Accreditation
 
Anja Salomonowitz
Thursday 13.04.2017

Anja Salomonowitz

Peter Strickland
Wednesday 12.04.2017

Peter Strickland

Pavla Janoušková Kubečková, Tomáš Hrubý and Štěpán Hulík
Sunday 26.03.2017

Pavla Janoušková Kubečková, Tomáš Hrubý and Štěpán Hulík

Ludovica Ferrario
Friday 10.03.2017

Ludovica Ferrario

Steve Matthews
Sunday 26.02.2017

Steve Matthews

 

Peter Strickland

The Duke of Cinephilia

Peter Strickland is a cinephilic English director and writer. His first feature film Katalin Varga, micro-budget Romanian rural revenge drama went on to win numerous awards including a Silver Bear in Berlin and The European Film Academy's Discovery of the Year award in 2009. Strickland followed Katalin Varga with unsettling psychological thriller Berberian Sound Studio. The film was named British Film of the Year at the 2012 London Critics' Circle Film Awards. In 2014 he, directed a Bjork concert film. At the same year he has finished his latest film - The Duke of Burgundy, highly atmospheric pastiche of 1970s European sleaze.

 

Strickland was born in 1973 to a Greek mother and British father, both teachers, and grew up in Reading, Berkshire, where he was a member of Progress Theatre, directing his own adaptation of The Metamorphosis by Franz Kafka. In 1997, his short film Bubblegum was entered in the Berlin Film Festival.

 

 

Few years he made his debute feature film - the suggestive drama Katalin Varga. Filmed over 17 days in the Hungarian-speaking part of the Romanian region of Transylvania, Strickland completed the project for £25,000 with a very small crew of 11 people including transport and catering. Strickland paid everyone on the shoot out of his own pocket, apart from the focus- puller, who agreed to work for free. 

"Almost everyone said I was insane, suicidal, deluded, etc, and that it's impossible to make a film for less than £200,000 even in Romania. I had barely a third of that. There were many times when I seriously doubted what I was doing. I often thought of just buying a flat, as almost everyone advised. But I asked myself, 'Should I buy myself a one-bedroom flat in Bracknell or should I make a revenge film in Transylvania?' I think the main thing that kept me going was knowing that if I bought a flat, I would always wonder, 'What if?' Even if I failed, I would know I tried my very best." But after the shooting Strickland was out of money and he didn´t start post-production. Then two Romanian producers, Oana and Tudor Giurgiu, paid attention. They saw the rough cut and came on board as co-producers, providing the funds to make a proper sound mix and blow-up from the Super 16mm negatives. "It was then snapped up by the Berlin film festival and a French distributor. The lesson is that without a producer, the film would never have been properly finished, nor exist in the public domain."Strickland was a nominee for the Golden Bear during Berlin Film Festival. The film won a Silver Berlin Bear in the category outstanding artistic contribution for the sound design.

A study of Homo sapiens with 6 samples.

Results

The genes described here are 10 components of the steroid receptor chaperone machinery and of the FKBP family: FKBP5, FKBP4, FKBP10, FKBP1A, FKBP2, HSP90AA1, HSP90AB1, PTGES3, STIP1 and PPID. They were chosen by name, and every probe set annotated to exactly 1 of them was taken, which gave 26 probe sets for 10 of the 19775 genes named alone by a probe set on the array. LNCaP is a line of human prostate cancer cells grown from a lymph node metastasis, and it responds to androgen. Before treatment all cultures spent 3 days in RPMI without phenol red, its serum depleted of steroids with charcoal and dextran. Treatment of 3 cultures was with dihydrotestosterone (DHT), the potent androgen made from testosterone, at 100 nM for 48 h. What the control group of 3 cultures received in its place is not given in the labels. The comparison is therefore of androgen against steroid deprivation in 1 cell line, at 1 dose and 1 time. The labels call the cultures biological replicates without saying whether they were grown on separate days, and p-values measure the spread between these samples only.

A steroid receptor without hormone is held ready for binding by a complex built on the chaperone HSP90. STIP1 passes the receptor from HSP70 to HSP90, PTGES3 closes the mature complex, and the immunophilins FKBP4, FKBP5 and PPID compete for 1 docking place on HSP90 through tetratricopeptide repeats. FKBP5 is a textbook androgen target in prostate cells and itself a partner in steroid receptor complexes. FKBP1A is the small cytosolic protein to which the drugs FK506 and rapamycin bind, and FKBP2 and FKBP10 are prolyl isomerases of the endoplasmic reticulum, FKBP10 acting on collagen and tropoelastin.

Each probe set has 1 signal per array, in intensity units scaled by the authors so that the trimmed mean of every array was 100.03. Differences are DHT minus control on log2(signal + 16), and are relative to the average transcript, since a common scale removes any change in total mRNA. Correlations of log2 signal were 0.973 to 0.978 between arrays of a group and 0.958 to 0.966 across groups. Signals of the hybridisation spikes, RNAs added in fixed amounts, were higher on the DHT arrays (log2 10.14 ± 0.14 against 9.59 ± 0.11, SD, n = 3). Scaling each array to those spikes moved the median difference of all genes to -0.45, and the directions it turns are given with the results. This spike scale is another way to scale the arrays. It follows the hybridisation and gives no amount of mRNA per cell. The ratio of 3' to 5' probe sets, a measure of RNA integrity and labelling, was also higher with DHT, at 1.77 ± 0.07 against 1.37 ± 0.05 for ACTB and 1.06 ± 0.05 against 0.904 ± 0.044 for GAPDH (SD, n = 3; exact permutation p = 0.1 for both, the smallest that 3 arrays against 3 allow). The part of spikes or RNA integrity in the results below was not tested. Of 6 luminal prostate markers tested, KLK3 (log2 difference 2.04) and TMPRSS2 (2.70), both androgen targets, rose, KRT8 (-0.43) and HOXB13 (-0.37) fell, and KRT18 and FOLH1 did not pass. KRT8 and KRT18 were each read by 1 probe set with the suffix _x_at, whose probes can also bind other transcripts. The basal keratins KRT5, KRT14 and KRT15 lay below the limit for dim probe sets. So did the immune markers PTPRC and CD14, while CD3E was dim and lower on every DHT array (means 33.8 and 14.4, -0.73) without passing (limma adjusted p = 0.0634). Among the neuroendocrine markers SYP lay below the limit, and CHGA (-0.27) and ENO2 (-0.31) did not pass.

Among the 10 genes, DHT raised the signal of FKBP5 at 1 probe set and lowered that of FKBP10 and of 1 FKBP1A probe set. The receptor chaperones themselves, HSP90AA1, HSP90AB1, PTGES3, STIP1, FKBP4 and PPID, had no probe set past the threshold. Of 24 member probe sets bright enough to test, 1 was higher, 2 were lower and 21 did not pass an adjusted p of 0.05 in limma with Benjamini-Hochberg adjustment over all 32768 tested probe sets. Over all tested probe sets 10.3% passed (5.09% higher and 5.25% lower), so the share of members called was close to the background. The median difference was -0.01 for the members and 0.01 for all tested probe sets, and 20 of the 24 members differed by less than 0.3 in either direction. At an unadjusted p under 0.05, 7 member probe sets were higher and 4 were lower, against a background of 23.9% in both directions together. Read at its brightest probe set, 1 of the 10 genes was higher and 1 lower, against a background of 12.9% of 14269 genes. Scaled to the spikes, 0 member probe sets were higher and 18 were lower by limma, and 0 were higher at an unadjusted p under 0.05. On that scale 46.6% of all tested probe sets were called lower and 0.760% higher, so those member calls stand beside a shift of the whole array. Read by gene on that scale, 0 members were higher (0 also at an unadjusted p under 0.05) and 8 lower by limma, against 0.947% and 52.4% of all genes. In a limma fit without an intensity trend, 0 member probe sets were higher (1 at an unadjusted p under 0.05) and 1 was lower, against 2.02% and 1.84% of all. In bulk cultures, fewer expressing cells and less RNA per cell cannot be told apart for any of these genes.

His next film, Berberian Sound Studio (2012), was a sophisticated, magical, and playful homage to 1970s Italian horror films. The atmospheric tale of a British sound engineer out of sorts and out of his depth as he tries to make his mark on an Italian horror flick stands out as one of the most original British films of recent years. "Normally in a film, the mechanics and process are completely hidden from the viewer. With Berberian, I wanted to try the opposite—to reveal the mechanics of a film, but not actually show it. But also what’s interesting about the foley sound effect process for horror films is the two extremes: intense violence on the screen soundtracked by a process which is actually quite comical, with people smashing vegetables and trying ridiculous things with many objects. So the question for the audience is how to react to these scenes showing this? Should they laugh? Should they be disturbed? Those foley scenes cause a kind of polarity in the viewer, which I wanted to exploit, especially since we’re dealing with the subject of exploitation." said Strickland. 

 

 

Two years later, in 2014 Strickland´s next cinephilic tale came to cinemas. The Duke of Burgundy - a story of woman who studies butterflies and moths tests the limits of her relationship with her lesbian lover. 

It is a fascinating look into the give and take of committed human relationships, exemplified through immersive visual storytelling and the oft kinky sadomasochistic proclivities of two women.
Strickland talked about the another hard beginng of the shooting: "Over 2 years ago, when I started this project, Berberian Sound Studio was in the garbage. Berlin rejected it, Cannes rejected it, and I thought we fucked it up. Then I met Andy Starke and Pete Tombs from Rook Films. They offered me to work for them and make a film for 20,000 pounds. All of us thought no one would be interested in The Duke of Burgundy because of a) Berberian being in no man’s land, and b) the subject matter. Then suddenly Berberian got recognized, and surprisingly [the financiers] were really interested. In my mind I thought I was making a sleazy little film, but suddenly people were responding to it positively."
After the finishing the film the success came again. The film was screened at various film festivals, including the Toronto International Film Festival, the London Film Festival, and the International Film Festival Rotterdam, to positive critical reviews.